While mainstream acts will weather the storm of COVID-19 with savings and royalties, most indie musicians make a living from touring, thanks to Spotify's rate of $0.006 and $0.0084 per stream. That means with festivals and venues shuttered, your favorite indie bands are going broke. They need to pay rent, buy groceries, care for their families, and take time off their day jobs if they get sick, just like everybody else.
A coalition of indie musicians are organizing on their community's behalf. Punk band Downtown Boys and the organizers of the of No Music for ICE campaign have launched a petition demanding unemployment benefits for musicians during the pandemic. Addressed to congress as well as state governments, the open letter demands that unemployment and other COVID-19 relief benefits to be extended to self-employed workers (a category that includes most bands and musicians). Over 400 bands and artists, including Snail Mail, Soccer Mommy, Bikini Kill, Algiers, Girlpool, Fugazi, Neutral Milk Hotel, Angel Olsen, Passion Pit and Speedy Ortiz have signed on.
The petition points out that while COVID-19 has it many industries hard, "musicians, touring workers, DJs and other gig economy workers are hit particularly hurt" given self-employed people pay taxes on their income, but are typically "ineligible for unemployment, paid sick leave, or other benefits under our current system." The authors note that unions like SAG-AFTRA and IATSE (International Alliance of Theatrical Stage Employees, which represents technicians, artisans and craftspersons) are pushing for similar measures.
"We ask that you ensure the next Federal relief package includes the extension of unemployment and other benefits to all musicians, DJs, and all gig economy workers who have lost their income due to COVID-19," the letter reads. "Workers should be able to use any income — including 1099 earnings and demonstrable anticipated future income wiped out by COVID-19 — to apply for unemployment and other benefits."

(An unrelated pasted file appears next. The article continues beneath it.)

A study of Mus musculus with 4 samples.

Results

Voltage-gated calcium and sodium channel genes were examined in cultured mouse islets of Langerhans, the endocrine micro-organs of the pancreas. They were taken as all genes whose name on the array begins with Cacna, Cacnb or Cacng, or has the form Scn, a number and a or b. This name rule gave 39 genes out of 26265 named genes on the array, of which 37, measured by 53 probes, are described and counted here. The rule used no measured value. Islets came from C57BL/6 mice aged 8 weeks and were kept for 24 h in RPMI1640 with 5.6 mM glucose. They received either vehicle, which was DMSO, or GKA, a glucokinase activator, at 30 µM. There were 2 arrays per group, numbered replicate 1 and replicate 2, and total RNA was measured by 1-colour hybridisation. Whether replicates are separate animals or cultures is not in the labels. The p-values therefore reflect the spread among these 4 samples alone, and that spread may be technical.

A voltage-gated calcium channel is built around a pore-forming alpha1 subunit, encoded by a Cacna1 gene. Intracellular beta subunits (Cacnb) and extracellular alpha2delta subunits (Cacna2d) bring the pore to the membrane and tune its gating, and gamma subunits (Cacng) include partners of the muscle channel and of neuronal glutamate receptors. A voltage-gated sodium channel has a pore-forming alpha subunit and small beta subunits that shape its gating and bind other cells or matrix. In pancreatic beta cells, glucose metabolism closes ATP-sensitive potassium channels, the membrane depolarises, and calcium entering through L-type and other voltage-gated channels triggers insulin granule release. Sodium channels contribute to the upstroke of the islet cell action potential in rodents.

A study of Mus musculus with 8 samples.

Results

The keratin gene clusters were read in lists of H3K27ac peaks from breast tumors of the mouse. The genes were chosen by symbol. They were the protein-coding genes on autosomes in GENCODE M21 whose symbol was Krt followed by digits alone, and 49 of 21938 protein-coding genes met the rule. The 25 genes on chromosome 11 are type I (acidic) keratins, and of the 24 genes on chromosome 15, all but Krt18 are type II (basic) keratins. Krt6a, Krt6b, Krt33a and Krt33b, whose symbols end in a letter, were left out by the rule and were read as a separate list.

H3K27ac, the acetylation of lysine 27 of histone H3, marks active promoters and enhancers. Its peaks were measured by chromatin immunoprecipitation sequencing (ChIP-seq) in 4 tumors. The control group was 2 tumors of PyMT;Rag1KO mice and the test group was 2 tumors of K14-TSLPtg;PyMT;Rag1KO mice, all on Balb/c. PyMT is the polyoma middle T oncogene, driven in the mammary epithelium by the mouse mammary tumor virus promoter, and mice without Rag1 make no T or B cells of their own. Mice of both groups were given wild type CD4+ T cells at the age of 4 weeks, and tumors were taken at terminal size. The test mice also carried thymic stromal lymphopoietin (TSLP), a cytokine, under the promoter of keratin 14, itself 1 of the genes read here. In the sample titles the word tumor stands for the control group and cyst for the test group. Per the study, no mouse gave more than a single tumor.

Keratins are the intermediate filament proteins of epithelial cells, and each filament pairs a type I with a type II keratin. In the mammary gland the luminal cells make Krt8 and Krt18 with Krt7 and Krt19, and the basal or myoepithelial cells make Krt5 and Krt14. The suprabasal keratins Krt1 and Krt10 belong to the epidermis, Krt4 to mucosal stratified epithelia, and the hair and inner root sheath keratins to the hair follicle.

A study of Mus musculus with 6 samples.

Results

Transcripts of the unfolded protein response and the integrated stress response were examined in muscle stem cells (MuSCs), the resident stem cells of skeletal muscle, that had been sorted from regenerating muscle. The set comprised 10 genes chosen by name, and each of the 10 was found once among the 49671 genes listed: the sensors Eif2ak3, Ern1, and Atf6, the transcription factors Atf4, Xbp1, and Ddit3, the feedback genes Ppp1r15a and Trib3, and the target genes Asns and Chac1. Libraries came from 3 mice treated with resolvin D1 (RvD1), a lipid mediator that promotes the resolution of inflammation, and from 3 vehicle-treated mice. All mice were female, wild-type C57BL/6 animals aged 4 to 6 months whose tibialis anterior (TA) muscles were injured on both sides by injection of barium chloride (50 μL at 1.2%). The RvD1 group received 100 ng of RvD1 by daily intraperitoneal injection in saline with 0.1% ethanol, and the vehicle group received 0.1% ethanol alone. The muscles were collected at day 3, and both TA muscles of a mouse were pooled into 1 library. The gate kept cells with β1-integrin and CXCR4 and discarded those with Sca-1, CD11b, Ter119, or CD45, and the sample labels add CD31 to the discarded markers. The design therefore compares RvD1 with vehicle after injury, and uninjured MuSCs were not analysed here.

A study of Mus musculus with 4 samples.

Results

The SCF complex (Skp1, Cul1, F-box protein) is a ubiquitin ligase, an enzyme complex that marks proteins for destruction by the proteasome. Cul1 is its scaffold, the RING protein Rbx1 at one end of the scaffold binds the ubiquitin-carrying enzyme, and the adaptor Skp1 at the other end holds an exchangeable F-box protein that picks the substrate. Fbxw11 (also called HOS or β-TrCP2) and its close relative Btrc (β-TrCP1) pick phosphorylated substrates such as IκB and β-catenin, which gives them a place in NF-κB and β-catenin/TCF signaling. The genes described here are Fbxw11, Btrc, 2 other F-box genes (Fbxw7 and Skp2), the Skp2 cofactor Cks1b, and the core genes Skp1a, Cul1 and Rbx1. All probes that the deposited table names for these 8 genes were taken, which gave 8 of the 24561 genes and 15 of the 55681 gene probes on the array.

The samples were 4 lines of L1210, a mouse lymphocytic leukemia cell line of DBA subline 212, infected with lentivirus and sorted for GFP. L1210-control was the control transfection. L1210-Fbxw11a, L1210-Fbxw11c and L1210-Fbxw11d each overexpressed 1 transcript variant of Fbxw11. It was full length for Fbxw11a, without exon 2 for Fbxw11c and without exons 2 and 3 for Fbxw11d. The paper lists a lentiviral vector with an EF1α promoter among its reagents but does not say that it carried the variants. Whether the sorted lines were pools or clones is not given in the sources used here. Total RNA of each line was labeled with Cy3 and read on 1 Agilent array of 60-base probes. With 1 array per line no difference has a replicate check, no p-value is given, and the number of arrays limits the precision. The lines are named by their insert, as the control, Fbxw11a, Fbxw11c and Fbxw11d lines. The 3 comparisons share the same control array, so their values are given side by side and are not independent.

Musicians were already in financially risky positions, the petition stresses, thanks to inadequate and increasingly reduced funding for the arts.
"According to a 2017 survey… the median income of a working musician was $21,500, far below the median US income of $31,900. Most musicians are forced to work second jobs, often elsewhere in the gig economy," authors argue. "Public funding for the arts offers little assistance to US musicians. The NEA (National Endowment for the Arts) provides $8 million of funding for music among a US population of 321 million people, as compared to France, which dedicates $307 million to its 67 million people, or England, which gives $227 million for a population of 43 million."
Other signees include Sheer Mag, Kimya Dawson, Tobi Vail, Wolf Parade, Beach Fossils, Tennis, What Cheer? Brigade, Wye Oak, Tacocat, Lis Prank, The Drums' Jonny Pierce, Deerhoof, Julia Holter, Tomberlin, SASAMI, Hooray for the Riff Raff, Mary Lattimore, Vagabon, Great Grandpa, Girl Friday, Potty Mouth, La Neve and more.
It looks likely the coalition will get at least some of they're asking for. We won't know what red tape might exist till it goes into effect, but the White House and the Senate have reached a deal, and are now just waiting on the House to pass a $2 trillion coronavirus stimulus package that reportedly includes unemployment insurance for gig workers, furloughed employees and freelancers who are usually ineligible, reports NBC. It also is presumed to include the direct (one-time cash payments) of $1,200 for Americans making under $75,000 a year.
The music world has also been working hard to take care of its own. Artists made four million in sales on Bandcamp last Friday, when the streaming service waived their profits for 24 hours. Musicians and venues are organizing crowdfunding campaigns and livestream shows to try to bring in cash for bands and laid off music workers. Meanwhile, Spotify is enabling a feature for artists to fundraise directly from fans and matching donations to artists organizations like MusiCares, PRS Foundation, and Help Musicians up to $10 million, though they're being called out for taking one-time actions, instead of making their streaming model more artist friendly.